In 2010, bestselling and award-winning young adult and children’s author Walter Dean Myers published Dope Sick
, a magical realist
novel that examines the way bad choices in an environment of disadvantage can lead to disastrous outcomes. Presented as mostly a conversation between a troubled teenager and a mysterious, possibly magical drifter, the novel takes us through the life of a young man whose future seems to only contain terrible options like prison or death. By considering the ramifications of decisions made along the way, our protagonist discovers how his past actions have impacted his present, and learns how to plan for a different future.
We open in a ghetto of New York City’s Harlem neighborhood, where a 17-year-old-boy named Jeremy Dance is running from the scene of a crime. He has been shot in the arm, which he fears is now broken. Suddenly aware that a police officer is looking at him, Jeremy – or Lil J – ducks into a vacant apartment building, hoping to avoid the cops by hiding on the roof. As the pain from his arm almost makes him pass out, Lil J decides to try his luck in one of the apartments.
In the apartment, he meets Kelly, a seemingly homeless squatter who offers Lil J a chance to watch the chase he just experienced on the TV. Suspicious, Lil J first tells Kelly that his name is Roger Jones, but as he is slowly convinced that Kelly really does have access to a magical TV with a remote that can replay moments from Lil J’s whole life, the teenager starts sharing his life story. Throughout their conversation, Kelly asks Lil J if there is a moment in his life that he would change if he could – and Lil J insists that that the moment he needs to change is what happened to get him in this mess in the first place.
Lil J tells Kelly that he lives at home with his mom, and a lot of his stress and anxiety comes from their poverty. Although he has tried to apply for nearby jobs, he hasn’t been able to land anything steady. Lil J’s friend Rico is an up-and-coming heroin dealer who ropes Lil J into doing a side job by flaunting his 300-dollar-a-day earnings.
The side job – a big drug deal – happened the day before. Rico and Lil J were in the middle of selling to their buyer when Lil J got the sense that something about the man was off. Nervous, Rico assaulted the man and handcuffed him to a banister and the two teens left. But soon, a panicked and high on heroin Rico returned and fatally shot the bound man. As they ran from the scene, it turned out that their prospective buyer was actually an undercover cop, whose partner shot at the boys fleeing and hit Lil J’s arm. Lil J was able to evade the police pursuit, but Rico was found and arrested.
Lil J knows that Rico won’t hesitate to implicate him in the shooting, and probably has told the police that Lil J is the one who pulled the trigger. Now as his heroin high wears off and he starts entering withdrawal – getting “dope sick” – Lil J doesn’t know where to turn. In despair, he assumes that his life is over. Either he will go to jail, or, more likely, he will die as the whole of the police force pursues him in order to avenge the murder of one of their own.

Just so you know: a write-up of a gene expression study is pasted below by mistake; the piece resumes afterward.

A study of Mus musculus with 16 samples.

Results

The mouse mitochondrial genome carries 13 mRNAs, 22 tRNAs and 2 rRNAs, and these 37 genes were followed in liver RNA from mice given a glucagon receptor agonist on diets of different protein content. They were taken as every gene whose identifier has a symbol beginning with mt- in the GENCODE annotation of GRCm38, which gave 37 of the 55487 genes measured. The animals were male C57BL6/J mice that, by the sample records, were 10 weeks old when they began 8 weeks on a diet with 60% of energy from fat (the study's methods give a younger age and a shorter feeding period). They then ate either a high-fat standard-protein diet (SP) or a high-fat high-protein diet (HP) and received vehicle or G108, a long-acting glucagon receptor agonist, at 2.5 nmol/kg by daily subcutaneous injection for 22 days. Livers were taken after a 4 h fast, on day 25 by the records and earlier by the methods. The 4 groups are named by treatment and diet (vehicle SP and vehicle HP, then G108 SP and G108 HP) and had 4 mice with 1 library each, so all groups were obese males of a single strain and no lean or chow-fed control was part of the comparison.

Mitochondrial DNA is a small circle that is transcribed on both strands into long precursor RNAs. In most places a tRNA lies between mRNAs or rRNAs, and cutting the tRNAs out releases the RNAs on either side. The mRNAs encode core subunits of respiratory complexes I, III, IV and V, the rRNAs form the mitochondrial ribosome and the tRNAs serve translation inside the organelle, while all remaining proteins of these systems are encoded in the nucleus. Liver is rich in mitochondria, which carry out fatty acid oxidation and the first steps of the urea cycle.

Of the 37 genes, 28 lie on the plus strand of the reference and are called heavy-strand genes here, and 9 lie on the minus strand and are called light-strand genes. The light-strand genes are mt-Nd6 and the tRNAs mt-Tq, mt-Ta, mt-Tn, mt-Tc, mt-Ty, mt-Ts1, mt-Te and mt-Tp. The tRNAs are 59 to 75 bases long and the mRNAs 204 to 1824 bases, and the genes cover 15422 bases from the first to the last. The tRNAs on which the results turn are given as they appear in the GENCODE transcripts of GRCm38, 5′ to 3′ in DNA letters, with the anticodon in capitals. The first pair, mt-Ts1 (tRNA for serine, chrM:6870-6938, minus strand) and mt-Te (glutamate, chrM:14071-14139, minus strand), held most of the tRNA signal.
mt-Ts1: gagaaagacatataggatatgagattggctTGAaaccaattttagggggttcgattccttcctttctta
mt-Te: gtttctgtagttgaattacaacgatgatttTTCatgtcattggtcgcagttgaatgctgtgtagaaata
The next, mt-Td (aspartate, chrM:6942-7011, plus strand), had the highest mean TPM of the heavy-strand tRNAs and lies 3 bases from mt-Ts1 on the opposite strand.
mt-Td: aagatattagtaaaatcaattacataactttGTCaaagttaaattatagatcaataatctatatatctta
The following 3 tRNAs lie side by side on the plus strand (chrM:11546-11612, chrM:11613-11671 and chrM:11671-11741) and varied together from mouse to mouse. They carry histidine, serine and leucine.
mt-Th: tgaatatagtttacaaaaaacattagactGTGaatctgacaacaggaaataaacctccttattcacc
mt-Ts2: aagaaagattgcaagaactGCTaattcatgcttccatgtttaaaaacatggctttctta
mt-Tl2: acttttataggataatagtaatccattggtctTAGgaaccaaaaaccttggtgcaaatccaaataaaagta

Confirming his worst fears, Kelly shows the boy a scene from his future on the magical TV. In it, Lil J is on the roof of the building, about to commit suicide as the police storm in downstairs. Lil J contemplates turning his gun on himself. Again, Kelly asks what Lil J would change about the past if he could. Again, Lil J insists that what needs to be changed is the previous day’s drug deal – that’s the only way he can escape the police.
Turning the conversation in a different direction, Kelly probes into the young man’s life and the decisions he has made along the way. Lil J admits that he also is a drug user, and that he was also high during the events of the day before. Lil J tells Kelly about his ex-girlfriend Lauryn, the mother of Lil J’s son Brian. Because of his drug use and his association with Rico, Lauryn doesn’t let Lil J see Brian. The young man feels like a failure. Not only should he not have gotten Lauryn pregnant in the first place, but now he is being the same kind of absentee father that his own father had been. His feelings about the situation are amplified by the fact that Lauryn’s mother is trying to get her to marry a stable older man with a good job.
Again, Kelly demands that Lil J decide what to change to turn his life around. But the problem is that there isn’t one huge mistake that he can undo. Instead, his life has just been a series of bad circumstances and bad choices, each leading to the next. He can only imagine undoing the bad drug deal, which is an answer that Kelly seems unhappy with. Lil J decides instead to simply turn himself in to the police. But before he can do that, Kelly takes away his gun, shoots out the window of his apartment building, runs downstairs, and dies in a gunfight with the police. The commotion allows Lil J to get away undetected.
The novel ends when Lil J is watching his own TV later that day and sees on the news that the officer’s shooter has been found. This means that Kelly fulfilled his promised and freed Lil J from the one mistake he could think to unmake. On another TV channel, Lil J sees himself talking to Kelly – an ambiguous ending that implies that Kelly is some kind of magical being that Lil J may encounter again.